In the last four years, APNIC has collaborated with a team of prominent academics to co-organize a series of workshops at the Internet Governance Forum (IGF), with the aim of bringing the policy and technical communities a step closer to a better understanding of their respective challenges, fears and motivations. These discussions have primarily centred on the concept of cybernorms, a well-tread topic in policy circles, but a newer space of engagement for much of the technical community.
The first collaboration was in 2016, with a workshop named: ‘NetGov, please meet Cybernorms. Opening the debate.’ The driver of this first workshop was to bridge the growing gap between the policy work around this concept and the technical reality of operational networks. While there is always a challenge to overcome differences in perspectives and language, the core concept of norms is in fact quite familiar to the technical community, with efforts such as Mutually Agreed Norms for Routing Security (MANRS) and the tenet of ‘rough consensus and running code’.
With good representation from government, civil society and technical community participants, the initial workshop brought attention to the ‘cybernorms’ processes, particularly in the United Nations (UN), an important starting point to encourage more informed engagement from the Internet governance and the technical communities for better policymaking.
The second collaboration was a workshop at the IGF in 2017, ‘International Cooperation Between CERTS: Technical Diplomacy for Cybersecurity‘. Focusing on the incident response community, this workshop built on the recognition that even well-intentioned policy discussions made in a vacuum can impact the operation of organizations working on, in, and for the Internet. Building on work already taking place in communities such as the Forum for Incident Response and Security Teams (FIRST) to leverage the wealth of expertise and experience of incident responders, there was important recognition of the growing convergence of the different working areas, with the workshop report finding:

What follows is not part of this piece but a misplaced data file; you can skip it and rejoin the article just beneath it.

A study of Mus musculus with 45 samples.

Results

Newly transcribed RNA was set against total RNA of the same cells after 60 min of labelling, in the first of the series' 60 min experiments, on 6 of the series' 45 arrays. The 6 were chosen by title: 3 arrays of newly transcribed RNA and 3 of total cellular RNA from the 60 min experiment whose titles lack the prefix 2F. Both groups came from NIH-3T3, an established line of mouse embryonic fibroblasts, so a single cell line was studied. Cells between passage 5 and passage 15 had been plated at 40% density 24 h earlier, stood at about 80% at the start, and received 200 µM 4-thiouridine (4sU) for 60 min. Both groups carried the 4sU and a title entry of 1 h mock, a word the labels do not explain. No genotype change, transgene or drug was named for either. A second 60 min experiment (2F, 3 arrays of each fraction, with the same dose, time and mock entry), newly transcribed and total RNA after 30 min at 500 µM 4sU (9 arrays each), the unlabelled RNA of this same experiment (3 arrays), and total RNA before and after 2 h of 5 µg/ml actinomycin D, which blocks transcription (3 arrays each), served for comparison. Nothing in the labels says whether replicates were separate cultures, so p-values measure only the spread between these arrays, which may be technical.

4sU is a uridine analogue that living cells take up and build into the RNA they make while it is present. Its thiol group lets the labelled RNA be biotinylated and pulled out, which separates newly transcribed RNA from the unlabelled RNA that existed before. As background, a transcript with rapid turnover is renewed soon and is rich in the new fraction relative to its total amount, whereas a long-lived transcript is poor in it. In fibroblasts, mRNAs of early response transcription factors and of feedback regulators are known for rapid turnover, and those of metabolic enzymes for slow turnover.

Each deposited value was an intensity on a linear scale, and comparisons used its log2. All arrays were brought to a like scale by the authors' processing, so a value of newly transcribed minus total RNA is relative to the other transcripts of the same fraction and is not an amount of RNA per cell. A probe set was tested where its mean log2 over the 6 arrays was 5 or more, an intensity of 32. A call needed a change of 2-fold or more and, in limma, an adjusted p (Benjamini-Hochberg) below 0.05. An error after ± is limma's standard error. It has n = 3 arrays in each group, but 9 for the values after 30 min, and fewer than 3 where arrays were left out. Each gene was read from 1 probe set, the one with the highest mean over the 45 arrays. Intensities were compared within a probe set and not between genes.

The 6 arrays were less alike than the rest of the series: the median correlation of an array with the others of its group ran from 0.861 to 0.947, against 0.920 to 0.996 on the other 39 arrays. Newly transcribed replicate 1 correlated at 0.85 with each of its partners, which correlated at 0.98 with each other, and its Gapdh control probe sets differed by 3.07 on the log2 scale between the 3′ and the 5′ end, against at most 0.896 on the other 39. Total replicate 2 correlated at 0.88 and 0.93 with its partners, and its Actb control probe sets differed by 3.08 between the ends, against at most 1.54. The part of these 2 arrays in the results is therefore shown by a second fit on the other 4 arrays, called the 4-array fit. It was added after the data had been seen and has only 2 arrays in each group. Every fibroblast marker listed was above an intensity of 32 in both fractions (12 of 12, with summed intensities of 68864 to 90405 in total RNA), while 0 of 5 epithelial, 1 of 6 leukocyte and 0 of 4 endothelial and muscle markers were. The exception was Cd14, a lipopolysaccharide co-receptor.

“The idea behind these norms is to protect the work CERTs are doing and to prevent them from being instrumentalized by the governments. However, there is little awareness of the UNGGE normative process within the CERT community or if there are any efforts underway in the implementation of those norms. “
The third collaboration occurred at the IGF in 2018, with a roundtable entitled: ‘Whois Collected, Disclosed and Protected: CERTs Viewpoint‘. This session talked about the importance of CERTs’ continued access to whois data, with proper balancing of renewed privacy considerations — such as the GDPR. The unintended consequences of legislation such as GDPR on the operational effectiveness of incident response teams was a timely example of how technical operations on the Internet cannot be isolated from these broader policy efforts.
We are up to our fourth collaboration at the 2019 IGF in Berlin, with a workshop named ‘Usual Suspects: Questioning the Cybernorm-making Boundaries‘. This will likely be the time the IGF community will rally around the notion that cybernorms (their development and their implementation) can be seen as an Internet governance challenge. As new norms have been agreed upon outside the UN, such as the GCSC efforts, new processes have also begun at the UN, such as the OEWG. It makes sense to encourage a constructive dialogue between the policy and the technical communities to discuss operationalization of norms.
Acknowledgement: APNIC’s collaboration at the IGF over the last four years, has been with Madeline Carr, Prof. Duncan Hollis and Louise Marie Hurel. We are thankful for their resolute commitment in bridging the technical and policy communities together and fostering constructive dialogues.
The views expressed by the authors of this blog are their own and do not necessarily reflect the views of APNIC. Please note a Code of Conduct applies to this blog.